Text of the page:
Too much of "anything" can have a negative effect on the human body. Veterans whose bodies produced too much cortisol during their time as a soldier can fall victim to Cushing's Syndrome.
The human body is made up of several systems designed to keep our survival instincts and bodily functions in check. One such system is the endocrine system, which is comprised of several glands that control everything from adrenaline to blood pressure.
Soldiers' endocrine systems are often in overdrive, as they are constantly faced with the adrenaline rush that accompanies the condition known as "fight or flight." During this rush, hormones known as cortisol are produced by the adrenal gland to help maintain a soldier's blood pressure, regulate their cardiovascular system, as well as aid their body in countering stress. However, in a situation as frightening and uncertain as combat, it's possible that cortisol levels are elevated for an extended period of time. In these instances, it's possible that a soldiers level of cortisol remains at a higher than normal level and unable to return to a proper level, leaving their body in a state of distress, and ultimately leading to Cushing's Syndrome.
Many disabled veterans are surprised to learn of their condition and will often ask, "What are the signs and symptoms of Cushing's Syndrome?"
The common signs associated with Cushing's Syndrome can include:
-Fat deposits around the torso; stomach and back (arms and legs remain the same size)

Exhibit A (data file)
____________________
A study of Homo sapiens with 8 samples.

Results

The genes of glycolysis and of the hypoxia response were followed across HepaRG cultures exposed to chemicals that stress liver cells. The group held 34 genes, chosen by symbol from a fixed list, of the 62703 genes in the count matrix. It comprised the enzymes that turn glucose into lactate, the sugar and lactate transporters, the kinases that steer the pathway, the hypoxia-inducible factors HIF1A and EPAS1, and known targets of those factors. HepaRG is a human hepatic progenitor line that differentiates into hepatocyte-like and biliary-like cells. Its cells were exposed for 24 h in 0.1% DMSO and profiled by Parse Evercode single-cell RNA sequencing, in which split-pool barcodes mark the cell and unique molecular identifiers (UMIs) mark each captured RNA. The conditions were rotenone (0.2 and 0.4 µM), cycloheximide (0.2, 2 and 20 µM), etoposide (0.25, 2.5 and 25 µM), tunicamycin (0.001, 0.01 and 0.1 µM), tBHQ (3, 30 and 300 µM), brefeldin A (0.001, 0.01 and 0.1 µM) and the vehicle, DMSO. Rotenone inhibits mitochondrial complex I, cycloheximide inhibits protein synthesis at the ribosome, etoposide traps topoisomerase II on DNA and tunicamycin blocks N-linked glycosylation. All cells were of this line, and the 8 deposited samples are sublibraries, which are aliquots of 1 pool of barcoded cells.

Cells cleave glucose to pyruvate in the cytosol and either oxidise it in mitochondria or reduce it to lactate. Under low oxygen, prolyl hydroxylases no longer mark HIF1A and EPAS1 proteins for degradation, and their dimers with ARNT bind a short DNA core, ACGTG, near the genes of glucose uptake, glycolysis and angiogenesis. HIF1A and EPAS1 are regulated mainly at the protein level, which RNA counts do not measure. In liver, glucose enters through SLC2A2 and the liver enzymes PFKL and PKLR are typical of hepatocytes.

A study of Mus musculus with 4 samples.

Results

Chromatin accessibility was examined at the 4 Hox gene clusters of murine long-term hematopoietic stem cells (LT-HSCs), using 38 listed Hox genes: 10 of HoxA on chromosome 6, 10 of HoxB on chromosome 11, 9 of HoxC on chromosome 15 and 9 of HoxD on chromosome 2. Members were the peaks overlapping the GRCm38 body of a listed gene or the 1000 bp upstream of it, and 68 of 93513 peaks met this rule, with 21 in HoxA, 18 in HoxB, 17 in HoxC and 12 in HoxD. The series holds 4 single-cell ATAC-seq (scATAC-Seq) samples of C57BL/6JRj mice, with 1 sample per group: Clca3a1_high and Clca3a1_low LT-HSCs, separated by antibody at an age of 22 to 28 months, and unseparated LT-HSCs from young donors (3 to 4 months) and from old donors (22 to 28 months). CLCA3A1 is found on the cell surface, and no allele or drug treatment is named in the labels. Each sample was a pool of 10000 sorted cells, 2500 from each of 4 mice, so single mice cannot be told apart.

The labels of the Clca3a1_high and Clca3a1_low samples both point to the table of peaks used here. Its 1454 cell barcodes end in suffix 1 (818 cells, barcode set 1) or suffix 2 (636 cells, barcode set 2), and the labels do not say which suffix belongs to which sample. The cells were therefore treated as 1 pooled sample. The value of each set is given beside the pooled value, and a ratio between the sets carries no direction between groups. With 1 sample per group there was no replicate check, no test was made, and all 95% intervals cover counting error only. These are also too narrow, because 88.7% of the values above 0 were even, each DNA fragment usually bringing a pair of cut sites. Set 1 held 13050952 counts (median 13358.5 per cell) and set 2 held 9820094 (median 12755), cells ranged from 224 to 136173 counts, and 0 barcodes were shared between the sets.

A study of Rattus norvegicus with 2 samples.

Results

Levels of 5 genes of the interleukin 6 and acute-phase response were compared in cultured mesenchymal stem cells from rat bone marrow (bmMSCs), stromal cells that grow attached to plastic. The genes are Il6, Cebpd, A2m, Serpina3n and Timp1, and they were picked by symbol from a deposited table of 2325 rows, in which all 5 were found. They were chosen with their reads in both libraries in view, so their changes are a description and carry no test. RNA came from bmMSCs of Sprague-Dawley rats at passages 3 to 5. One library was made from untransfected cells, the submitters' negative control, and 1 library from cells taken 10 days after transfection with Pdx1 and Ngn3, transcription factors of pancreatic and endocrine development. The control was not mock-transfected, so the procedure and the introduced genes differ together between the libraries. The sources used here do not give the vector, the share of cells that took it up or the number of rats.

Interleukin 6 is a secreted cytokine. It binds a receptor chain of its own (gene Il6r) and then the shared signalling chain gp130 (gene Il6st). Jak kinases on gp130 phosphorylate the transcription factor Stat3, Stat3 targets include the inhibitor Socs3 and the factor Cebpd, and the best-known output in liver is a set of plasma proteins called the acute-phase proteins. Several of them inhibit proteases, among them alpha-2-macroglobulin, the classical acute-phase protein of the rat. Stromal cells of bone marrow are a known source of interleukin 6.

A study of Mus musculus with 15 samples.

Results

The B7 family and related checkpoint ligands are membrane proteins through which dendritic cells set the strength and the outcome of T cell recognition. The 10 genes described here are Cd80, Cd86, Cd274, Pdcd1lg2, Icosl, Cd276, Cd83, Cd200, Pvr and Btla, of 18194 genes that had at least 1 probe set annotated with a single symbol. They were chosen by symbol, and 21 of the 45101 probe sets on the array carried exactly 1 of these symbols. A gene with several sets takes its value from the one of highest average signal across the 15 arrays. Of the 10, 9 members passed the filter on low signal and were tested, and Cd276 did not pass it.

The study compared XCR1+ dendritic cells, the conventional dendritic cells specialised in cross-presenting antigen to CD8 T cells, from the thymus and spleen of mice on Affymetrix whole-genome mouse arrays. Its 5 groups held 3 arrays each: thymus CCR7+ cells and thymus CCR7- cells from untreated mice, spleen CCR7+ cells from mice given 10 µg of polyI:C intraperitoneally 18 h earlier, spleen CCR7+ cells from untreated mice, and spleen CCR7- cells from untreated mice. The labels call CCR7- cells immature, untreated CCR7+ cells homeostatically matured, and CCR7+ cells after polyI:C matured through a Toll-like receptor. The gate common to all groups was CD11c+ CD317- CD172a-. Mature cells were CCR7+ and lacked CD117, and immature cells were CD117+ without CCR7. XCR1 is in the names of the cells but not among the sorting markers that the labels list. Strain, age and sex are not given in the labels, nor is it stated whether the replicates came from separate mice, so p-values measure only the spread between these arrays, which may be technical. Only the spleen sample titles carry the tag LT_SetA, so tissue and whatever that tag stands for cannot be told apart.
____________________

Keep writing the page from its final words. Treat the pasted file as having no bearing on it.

-Thinner skin that bruises easily
-Thinning of the bones (possibly leading to osteoporosis)
-Cuts, punctures, or scrapes that require a longer than normal healing time
-Rounded and/or puffy face
-Excessive tiredness, muscle loss and weakness, or feelings of depression that were not present before.
-More susceptible to blood clots
-More susceptibile to infection
-Higher blood pressure and cardiovascular disease
-Glucose intolerance (possibly leading to diabetes)
Veteran's will also want to know, "Can Cushing's Syndrome be treated, and is it permanent?"
Proper treatment can reverse most of the symptoms associated with Cushing's Syndrome. It can be treated with prescription therapy to control the over-production of cortisol. In some instances, surgery may be necessary to remove the adrenal glands (bilateral adrenalectomy) to help treat the disabled veteran.
If treatment successfully removes the source of excess cortisol, most of a veteran's symptoms assocaited with Cushing's syndrome will resolve within 2 to 12 months. With regard to osteoporosis, improvement starts within six months and will continues to improve over several years. It's possible that a veteran will still exhibit some high blood pressure and glucose intolerance, despite treatment. Although psychiatric symptoms usually improve, some conditions can linger even after cortisol levels have been lowered.
If Cushing's is left untreated, the affliction can cause osteoporosis, hypertension, kidney stones, diabetes, or, in some instances, lead to death.